Festival director Janet Pierson talks about this year’s discoveries, including hot opener The Cabin In The Woods.

The SXSW film festival (Mar 9-17) has evolved from a hip regional event in Austin, Texas, into a hip national festival that has become something acquisitions executives – particularly those with a passion for genre – miss at their peril. Perusing the highlights of the past couple of years and it is clear from the likes of The Divide, Kill List and Monsters that certain selections linger long in the mind.

“We have a curatorial voice that’s kind of unique,” says festival director Janet Pierson, a formerly itinerant spirit whose wanderlust has been somewhat abated since she took over from Matt Dentler in 2009. “We skew edgier, more entertaining. We are not particularly politically correct, which doesn’t mean we don’t have socially conscious films.

“I have been involved in independent film since the 1970s,” says Pierson, whose CV includes being a producers rep like her husband John, serving as assistant director of Film Forum in New York, producing cable TV and becoming an Austin Film Society stalwart. “I hadn’t been looking for [the job] and my original instinct was to follow the blueprint Matt created – he had a lot of super low-budget filmmaking but also showed Knocked Up, so there was that range.

“There were always strong docs. I wanted to continue the quality that he started. I have heard that the festival has gone to new level but when he was doing it, it was already [reaching new levels]. It may have something to do with my 30-year relationships with the industry and maybe that’s come into play and maybe my taste is a bit more accessible.”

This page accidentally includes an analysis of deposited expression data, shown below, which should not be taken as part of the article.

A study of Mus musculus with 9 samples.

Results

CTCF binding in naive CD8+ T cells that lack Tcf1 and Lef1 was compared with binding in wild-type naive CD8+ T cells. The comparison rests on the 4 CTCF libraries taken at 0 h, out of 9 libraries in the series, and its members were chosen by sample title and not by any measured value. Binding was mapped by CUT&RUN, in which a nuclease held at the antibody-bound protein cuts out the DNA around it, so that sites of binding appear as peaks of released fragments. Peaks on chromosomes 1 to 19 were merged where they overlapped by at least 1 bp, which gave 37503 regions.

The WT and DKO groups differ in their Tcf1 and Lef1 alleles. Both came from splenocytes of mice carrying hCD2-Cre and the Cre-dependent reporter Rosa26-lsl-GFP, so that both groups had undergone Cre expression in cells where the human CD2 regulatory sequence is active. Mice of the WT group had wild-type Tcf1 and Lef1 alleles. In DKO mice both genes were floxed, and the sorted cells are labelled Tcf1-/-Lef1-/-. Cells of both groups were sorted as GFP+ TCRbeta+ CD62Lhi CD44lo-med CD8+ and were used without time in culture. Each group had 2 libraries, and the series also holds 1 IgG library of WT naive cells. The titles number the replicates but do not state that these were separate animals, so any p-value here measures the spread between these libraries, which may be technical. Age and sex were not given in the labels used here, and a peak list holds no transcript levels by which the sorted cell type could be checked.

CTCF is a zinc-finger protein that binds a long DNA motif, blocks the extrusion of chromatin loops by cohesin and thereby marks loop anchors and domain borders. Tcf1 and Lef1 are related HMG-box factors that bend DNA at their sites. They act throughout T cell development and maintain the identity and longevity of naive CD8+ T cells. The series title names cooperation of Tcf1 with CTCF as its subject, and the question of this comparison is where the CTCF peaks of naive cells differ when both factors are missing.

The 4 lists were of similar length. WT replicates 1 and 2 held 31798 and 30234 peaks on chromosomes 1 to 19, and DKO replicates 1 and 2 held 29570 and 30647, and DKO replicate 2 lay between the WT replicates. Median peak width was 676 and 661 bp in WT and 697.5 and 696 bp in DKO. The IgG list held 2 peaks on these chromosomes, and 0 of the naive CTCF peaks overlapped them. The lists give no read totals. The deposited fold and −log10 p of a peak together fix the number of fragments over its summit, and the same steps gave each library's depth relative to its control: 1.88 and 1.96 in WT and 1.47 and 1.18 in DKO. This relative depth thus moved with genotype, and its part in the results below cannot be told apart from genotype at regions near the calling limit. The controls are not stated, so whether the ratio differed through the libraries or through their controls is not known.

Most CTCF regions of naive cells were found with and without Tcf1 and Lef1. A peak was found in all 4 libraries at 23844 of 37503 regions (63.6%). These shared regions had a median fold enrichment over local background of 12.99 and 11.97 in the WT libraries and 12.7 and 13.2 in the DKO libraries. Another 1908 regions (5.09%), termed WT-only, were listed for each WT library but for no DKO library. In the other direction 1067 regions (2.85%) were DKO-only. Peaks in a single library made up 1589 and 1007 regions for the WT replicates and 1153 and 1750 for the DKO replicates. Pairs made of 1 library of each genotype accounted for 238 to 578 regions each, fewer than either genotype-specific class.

Festival opener The Cabin In The Woods looks set to continue SXSW’s reputation for championing buzz titles and the genre-bender has already got tongues wagging among those who have sneaked a peek ahead of the Mar 9 world premiere. Jonas Akerlund’s dark comedy Small Apartments, SXSW favourite Lena Dunham’s new HBO comedy series Girls and Ciarán Foy’s psychological horror Citadel are among a line-up that may well be the new festival hits of 2012.

Pierson and her programming team of Jared Neece, Jim Kolmar and Claudette Godfrey (with considerable assistance from media relations chief Rebecca Feferman) moved back the submissions deadline by one month this cycle to Jan 15. “The whole point is discovering films you don’t know anything about, but we were running out of time.”

They received around 5,200 submissions this year, of which 2,000 were features and 3,000 were shorts. The total was up by around 7% on the previous year and in the end the team selected 132 features, of which more than half are world premieres and 58 are documentaries. Gone is the Lonestar section for Texan entries but there remains a Lonestar Award for the best Texan film across all sections and there is a new showcase of web-created content called Digital Domain.

At a time when US festivals are making tentative inroads into self-distribution it is refreshing to hear that SXSW has no such ambitions. Festival top brass are approached frequently on the matter and got involved on the 2008 day-and-date release of Joe Swanberg’s Alexander The Last, but that is as far as it has gone. “Since then we have no interest in being a distributor,” Pierson says. “We are an environment where all these great creative people come together and work that stuff out.”

That said, Pierson welcomes the industry buzz and overnight deals that have crept into proceedings. “We are thrilled when films do well and we want films to do well. [Best documentary Oscar winner] Undefeated is a great story. A film like Weekend was small and the filmmakers had been told not to get their hopes up and they had a deal the next day. They made it out of nothing.”